Where would you let your kids go swimming at the beaches in the photos above? Do you know how to spot a rip current? (answers below)
You can often (but not always) spot a rip current by looking for any of these clues:
1) a darker channel of seaward flowing water
2) a line of foam, seaweed or debris flowing offshore
3) a break in the incoming wave pattern
Hard structures such as jetties, groins and piers often set up permanent “structurally controlled” rip currents.
The Scripps Pier in La Jolla, for example, almost always has a weak rip current flowing along it, even when the surf is small, explains Falk Feddersen, a coastal oceanographer at Scripps Institution in Oceanography, UC San Diego. Feddersen has had California Sea Grant support to study rip currents and other nearshore processes, and is an avid surfer.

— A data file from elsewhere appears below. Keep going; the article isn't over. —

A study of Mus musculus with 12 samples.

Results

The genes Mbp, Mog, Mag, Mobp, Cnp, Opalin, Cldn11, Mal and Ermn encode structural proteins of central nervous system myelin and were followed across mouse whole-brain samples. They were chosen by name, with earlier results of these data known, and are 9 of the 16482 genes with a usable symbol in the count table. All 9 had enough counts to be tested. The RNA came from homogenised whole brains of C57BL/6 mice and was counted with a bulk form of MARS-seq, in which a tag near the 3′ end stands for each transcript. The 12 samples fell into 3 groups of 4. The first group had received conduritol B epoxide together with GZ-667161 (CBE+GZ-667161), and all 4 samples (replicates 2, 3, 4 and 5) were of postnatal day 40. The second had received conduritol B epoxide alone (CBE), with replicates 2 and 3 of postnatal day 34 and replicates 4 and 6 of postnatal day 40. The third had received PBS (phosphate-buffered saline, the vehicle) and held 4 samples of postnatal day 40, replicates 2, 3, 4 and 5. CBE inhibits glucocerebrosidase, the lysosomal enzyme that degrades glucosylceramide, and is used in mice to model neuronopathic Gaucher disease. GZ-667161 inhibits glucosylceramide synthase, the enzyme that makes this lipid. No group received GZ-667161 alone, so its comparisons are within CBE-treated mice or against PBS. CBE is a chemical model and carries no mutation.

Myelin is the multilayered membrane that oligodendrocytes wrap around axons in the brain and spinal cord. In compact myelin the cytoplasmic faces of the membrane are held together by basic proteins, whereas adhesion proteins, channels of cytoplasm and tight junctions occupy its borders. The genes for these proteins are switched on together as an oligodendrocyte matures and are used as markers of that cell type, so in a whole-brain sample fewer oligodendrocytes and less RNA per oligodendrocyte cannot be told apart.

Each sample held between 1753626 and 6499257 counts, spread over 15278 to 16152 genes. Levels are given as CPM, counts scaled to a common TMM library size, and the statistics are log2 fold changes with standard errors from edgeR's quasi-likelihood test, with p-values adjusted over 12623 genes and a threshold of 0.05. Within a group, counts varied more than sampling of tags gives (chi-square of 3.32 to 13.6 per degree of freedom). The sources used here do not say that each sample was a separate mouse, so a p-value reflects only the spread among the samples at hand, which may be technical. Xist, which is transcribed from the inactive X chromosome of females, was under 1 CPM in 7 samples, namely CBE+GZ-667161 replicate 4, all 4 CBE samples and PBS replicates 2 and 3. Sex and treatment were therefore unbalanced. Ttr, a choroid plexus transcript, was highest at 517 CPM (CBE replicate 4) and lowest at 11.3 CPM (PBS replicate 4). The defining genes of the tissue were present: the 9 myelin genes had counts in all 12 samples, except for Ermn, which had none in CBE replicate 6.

While most swimmers should avoid rip currents along groins and piers, surfers often take advantage of “rips” as free conveyor-belt rides out to the surf. Rip currents are just flows of water. Don’t panic if you are caught in one.
How did you score in finding “the rips” in the three photos above? Answers in red arrows are below.
June 2-8 is Rip Current Awareness Week, an educational partnership with the United States Lifesaving Association, NOAA and the National Sea Grant Program to help teach people how to stay safe at the beach and “avoid the grip of the rip.”
Written by Christina S. Johnson, firstname.lastname@example.org
NOAA’s California Sea Grant College Program is a statewide, multi-university program of marine research, extension services, and education activities administered by Scripps Institution of Oceanography at the University of California, San Diego. It is one of 33 Sea Grant programs and is part of the National Oceanic and Atmospheric Administration (NOAA), U.S. Department of Commerce. Visit our website (www.csgc.ucsd.edu) to sign up for email news or follow us on Facebook or Twitter.